RPM Magazine polled its readers to determine the best artists and groups in Canada.
Each December, the magazine published the results.
Record-label owner Stan Klees met with RPM founder Walt Grealis to plan a formal awards ceremony for the music industry. Instead of merely publishing the award results in RPM, presentations would be made at a physical venue. The first official Gold Leaf Awards ceremony took place February 23, 1970 in Toronto.
Later that year, RPM invited its readers to suggest a new name for these awards. “Juneau” was submitted, in honour of Pierre Juneau, the first head of the Canadian Radio-Television Commission and instrumental in establishing Canadian content regulations for broadcasters, to promote Canadian artists. By 1971, the moniker was shortened and the awards ceremonies became the Juno Awards.
From 1970 to 1973, winners’ names were published in RPM prior to the awards night; from 1974 the winners were not made public until the ceremonies. In 1974, music industry representatives formed an advisory committee for the Junos in, which became the Canadian Music Awards Association the following year. The association assumed full management and operation of the Juno Awards from 1977, changing its name to the Canadian Academy of Recording Arts and Sciences (CARAS).
The Junos were first televised throughout Canada in 1975 on CBC Television.
Initially, the awards were held during the early part the year. In 1984, organizers postponed the awards until December. In January 1988, in response to declining viewership, CARAS rescheduled the Juno broadcasts to earlier in the year. This meant that postponing the awards until March 12, 1989, therefore leaving the 1988 calendar year without a ceremony.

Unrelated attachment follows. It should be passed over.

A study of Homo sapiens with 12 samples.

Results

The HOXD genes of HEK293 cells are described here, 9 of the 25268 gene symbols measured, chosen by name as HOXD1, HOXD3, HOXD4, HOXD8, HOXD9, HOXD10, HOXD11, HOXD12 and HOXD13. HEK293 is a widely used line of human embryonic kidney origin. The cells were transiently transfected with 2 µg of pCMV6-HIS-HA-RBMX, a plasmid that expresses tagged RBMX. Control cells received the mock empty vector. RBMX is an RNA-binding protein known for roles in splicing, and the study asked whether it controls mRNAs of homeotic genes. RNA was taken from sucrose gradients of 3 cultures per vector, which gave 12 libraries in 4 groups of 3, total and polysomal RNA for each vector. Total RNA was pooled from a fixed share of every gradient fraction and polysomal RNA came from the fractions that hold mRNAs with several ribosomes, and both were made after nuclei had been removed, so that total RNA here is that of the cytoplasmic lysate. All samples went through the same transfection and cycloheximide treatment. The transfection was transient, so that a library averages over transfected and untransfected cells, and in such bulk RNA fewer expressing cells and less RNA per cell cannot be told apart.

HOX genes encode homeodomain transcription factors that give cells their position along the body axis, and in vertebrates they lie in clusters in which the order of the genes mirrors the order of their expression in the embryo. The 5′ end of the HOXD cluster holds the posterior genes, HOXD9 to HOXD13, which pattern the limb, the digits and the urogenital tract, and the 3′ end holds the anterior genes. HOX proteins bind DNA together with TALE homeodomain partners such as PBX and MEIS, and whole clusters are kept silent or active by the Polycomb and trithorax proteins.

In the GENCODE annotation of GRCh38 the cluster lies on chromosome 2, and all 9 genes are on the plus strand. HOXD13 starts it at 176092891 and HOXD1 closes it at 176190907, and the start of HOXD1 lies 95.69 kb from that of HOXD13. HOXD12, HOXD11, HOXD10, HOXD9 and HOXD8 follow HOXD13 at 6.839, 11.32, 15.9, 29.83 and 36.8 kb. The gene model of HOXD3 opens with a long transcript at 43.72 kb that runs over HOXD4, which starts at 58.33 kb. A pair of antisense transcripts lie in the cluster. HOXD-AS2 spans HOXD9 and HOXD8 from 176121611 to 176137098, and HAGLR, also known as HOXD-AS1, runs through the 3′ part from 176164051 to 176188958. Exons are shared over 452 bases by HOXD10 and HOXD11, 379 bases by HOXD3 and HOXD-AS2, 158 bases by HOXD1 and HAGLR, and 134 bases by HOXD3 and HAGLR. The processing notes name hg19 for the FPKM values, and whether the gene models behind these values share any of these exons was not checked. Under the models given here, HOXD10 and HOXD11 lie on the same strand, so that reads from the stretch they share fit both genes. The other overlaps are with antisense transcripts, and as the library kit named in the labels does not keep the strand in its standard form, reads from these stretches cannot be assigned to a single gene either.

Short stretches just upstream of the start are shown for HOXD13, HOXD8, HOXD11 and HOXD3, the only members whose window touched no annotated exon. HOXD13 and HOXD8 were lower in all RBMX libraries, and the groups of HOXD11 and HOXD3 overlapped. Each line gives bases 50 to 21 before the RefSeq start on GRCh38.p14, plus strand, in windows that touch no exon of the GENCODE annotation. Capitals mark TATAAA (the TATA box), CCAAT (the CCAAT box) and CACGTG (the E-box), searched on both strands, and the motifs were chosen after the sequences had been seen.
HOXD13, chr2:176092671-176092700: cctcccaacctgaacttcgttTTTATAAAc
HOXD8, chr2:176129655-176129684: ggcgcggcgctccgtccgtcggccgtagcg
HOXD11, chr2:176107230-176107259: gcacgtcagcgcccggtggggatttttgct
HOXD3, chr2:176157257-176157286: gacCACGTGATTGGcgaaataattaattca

In 1996, Oh What A Feeling: A Vital Collection Of Canadian Music was released as a four-CD box set to mark the Juno Awards’ 25th anniversary. It featured popular songs by Canadian artists from the 1960s to 1990s. In 2001, a second four-CD box set was released to celebrate the awards’ 30th anniversary. In 2006, a third box set was released to celebrate the 35th anniversary.
Broadcast rights to the Juno Awards were transferred from CBC to CTV for the 2002 ceremonies. In 2006, Junos were broadcast for the first time internationally by MTV2 in the United States and several affiliated MTV channels worldwide, making the telecast available to approximately 250 million people.
That same year, Bruce Cockburn was honoured with the inaugural Humanitarian Award.
At the 2007 ceremony, host Nelly Furtado made Juno history by being the first artist to win every award for which she was nominated, including the two most prestigious honours: Album of the Year and Artist of the Year.